When our graphics designer Saša @sasamiletic thinks about Spectrum, the first elements that appear in his mind are its premium blackness and the silky smooth feeling. Therefore, when it comes to the artwork for the box that protects Spectrum and greets you when it arrives, we created a clean and slick package without a single fluff. Apart from the effort of our team members, our community’s artistic work also played a significant role in achieving this goal. We are excited to announce that we’ll feature our community wallpaper star @jozedwardo’s Focus as part of the front artwork on the monitor box. Shout out to José who collaborated with the team to provide a super-high-resolution version of his wallpaper suitable for the print size of Spectrum box. I went to the factory and had my hands on some pretty samples fresh off the printer. Let’s take a look!
Here, we were going to check the print quality, calibrate the paint tone with our supplier, and inspect how the design looks and feels on the box material.
The industrial printer used to decorate the Spectrum box can print in up to 6 different colors. While some clients may require one or two additional colors to more easily create hard-to-mix tones, our package simplifies the process and only requires four (cyan, magenta, yellow, and black) to complete printing. This is referred to as CMYK, with the ‘K’ representing black. It stands for ‘key’ and refers to the screw keys that controlled the amount of ink on rotary printing presses back in 1843.
On monitors, we start with black, then combine red, green, and blue (RGB) light to build up colors that ultimately add up to white. However, in print, we start with white, then combine transparent layers of cyan, magenta, and yellow (CMY) to subtract light, building colors that ultimately end up with black. The fourth layer, black, is added to create dark colors. Not only is it hard to create rich black using only CMY, but doing so can require so much ink that the printing surface would be soaked.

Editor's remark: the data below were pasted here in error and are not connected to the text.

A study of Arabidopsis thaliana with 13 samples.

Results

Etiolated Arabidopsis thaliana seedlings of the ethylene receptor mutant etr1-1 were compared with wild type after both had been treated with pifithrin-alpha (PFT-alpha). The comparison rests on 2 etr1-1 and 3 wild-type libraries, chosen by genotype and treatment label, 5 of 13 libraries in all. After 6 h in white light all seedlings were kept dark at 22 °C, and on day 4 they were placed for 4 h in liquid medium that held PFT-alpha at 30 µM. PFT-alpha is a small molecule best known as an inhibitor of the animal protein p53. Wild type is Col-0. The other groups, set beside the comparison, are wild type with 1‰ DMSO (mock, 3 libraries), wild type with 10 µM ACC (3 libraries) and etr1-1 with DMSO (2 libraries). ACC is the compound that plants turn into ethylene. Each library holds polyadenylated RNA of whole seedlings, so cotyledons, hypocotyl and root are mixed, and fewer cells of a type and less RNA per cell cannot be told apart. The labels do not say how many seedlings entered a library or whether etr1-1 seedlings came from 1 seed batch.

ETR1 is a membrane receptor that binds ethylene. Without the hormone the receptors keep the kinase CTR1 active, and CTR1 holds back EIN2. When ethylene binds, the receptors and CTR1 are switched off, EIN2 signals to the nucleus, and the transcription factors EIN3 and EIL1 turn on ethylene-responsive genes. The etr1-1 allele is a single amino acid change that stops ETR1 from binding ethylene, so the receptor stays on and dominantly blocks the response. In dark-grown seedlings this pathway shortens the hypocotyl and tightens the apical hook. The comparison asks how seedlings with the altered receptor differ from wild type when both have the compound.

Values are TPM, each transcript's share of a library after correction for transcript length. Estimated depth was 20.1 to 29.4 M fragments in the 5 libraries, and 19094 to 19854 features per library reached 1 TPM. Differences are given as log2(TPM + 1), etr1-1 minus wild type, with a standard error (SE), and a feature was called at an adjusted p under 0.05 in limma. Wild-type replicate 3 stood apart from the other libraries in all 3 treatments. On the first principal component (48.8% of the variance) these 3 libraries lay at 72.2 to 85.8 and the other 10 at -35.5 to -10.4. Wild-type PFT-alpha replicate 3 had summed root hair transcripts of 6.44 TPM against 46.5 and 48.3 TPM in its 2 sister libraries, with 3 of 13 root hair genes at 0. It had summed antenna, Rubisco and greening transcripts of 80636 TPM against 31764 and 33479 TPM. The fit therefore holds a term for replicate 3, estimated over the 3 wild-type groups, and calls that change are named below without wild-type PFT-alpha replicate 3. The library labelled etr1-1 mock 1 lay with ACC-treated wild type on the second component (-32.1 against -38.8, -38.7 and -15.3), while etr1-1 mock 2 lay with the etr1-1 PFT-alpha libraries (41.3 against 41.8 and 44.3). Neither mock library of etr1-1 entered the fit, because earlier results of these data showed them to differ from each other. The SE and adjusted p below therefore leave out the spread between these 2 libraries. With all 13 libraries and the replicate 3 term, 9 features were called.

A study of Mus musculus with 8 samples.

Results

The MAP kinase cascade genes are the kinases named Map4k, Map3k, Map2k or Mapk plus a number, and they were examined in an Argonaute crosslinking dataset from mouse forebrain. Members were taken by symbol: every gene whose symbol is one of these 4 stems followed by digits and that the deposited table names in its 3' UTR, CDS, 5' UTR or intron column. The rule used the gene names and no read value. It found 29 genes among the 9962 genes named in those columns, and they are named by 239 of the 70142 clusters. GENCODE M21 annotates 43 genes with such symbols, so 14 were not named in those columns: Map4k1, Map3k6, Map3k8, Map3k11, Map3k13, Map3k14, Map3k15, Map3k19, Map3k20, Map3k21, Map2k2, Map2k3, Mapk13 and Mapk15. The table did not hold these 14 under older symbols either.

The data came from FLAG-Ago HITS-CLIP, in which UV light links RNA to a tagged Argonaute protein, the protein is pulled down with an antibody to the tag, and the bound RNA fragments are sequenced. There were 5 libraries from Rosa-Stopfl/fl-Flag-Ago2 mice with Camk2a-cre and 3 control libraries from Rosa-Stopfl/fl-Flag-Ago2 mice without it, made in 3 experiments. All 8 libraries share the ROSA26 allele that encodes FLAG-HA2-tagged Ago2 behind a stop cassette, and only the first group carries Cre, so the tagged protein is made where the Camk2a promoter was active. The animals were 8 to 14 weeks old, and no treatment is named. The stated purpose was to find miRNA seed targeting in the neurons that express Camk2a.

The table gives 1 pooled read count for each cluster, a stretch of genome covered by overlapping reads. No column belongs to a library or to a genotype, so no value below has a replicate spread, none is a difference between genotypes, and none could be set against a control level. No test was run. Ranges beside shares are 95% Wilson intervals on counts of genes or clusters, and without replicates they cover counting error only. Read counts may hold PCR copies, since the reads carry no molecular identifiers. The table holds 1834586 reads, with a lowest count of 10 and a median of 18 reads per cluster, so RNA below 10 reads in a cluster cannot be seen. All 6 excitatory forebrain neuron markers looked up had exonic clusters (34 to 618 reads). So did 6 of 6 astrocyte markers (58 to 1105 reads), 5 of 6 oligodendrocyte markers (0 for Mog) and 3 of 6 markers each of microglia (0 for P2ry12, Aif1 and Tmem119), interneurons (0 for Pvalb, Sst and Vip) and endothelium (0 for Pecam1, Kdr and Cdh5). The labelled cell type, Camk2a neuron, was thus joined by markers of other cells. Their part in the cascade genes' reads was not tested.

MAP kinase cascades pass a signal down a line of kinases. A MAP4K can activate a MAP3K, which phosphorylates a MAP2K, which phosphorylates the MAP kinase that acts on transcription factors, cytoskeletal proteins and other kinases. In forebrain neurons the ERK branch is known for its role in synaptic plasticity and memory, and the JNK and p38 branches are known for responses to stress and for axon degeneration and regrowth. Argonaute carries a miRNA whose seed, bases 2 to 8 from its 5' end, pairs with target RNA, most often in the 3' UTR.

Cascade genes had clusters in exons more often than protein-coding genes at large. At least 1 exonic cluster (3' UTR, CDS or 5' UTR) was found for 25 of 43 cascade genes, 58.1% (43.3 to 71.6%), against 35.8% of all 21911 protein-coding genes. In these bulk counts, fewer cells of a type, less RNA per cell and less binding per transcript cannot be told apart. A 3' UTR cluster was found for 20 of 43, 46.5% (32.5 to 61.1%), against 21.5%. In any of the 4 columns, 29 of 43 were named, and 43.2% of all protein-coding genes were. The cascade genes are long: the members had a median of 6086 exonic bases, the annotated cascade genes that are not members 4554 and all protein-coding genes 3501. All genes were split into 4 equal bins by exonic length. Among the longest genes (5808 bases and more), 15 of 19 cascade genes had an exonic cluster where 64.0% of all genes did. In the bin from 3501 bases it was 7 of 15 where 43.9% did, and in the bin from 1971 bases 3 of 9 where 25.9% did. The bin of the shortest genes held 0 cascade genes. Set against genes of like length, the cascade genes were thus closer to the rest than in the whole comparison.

These colored caps control the amount of each color print that goes into the test samples. The four colors are layered on top of each other one by one to form the final image. To produce the blackest black, carefully measured amounts of cyan, magenta, and yellow are added in addition to black. This creates tones even darker than what black ink can achieve by itself.
Operators inspect guideline print and test samples under a lamp that provides a particular white light (D50) and adjust the color as well as positioning of the print accordingly. Because the colors are printed individually, it is essential to check that the four layers are correctly aligned.
The sidebar is for calibration via eyes. A machine is available for calibration, but the dust level prevents it from being used as accuracy is affected. Stacking the four colors creates the corner mark, together with the box shape outlines in the middle help with the positioning.
The last few papers produced have relatively light colors; this is due to the machine being lifted off the paper when approaching the end of a single run. It’s like the machine heading for lunch with the operators;)
Sometimes, it’s necessary to take the test samples out of the building and compare them under natural light. We compared two different tones of black for calibration. Removing a red tone in black brings out details in the shadows.
After the colors are correctly calibrated, the material is filmed to protect the printed surface, also making it feel smoother to the touch. A UV process is applied to complete the decoration on top of the film to let a few elements elegantly stand out. The printed sample is heated with a layer of oil on top to form the UV.
Thank you for joining us on this factory tour! Behind the scenes, we are working tirelessly to ready Spectrum’s every aspect. For packaging, we have print sample inspections coming soon, so stay tuned!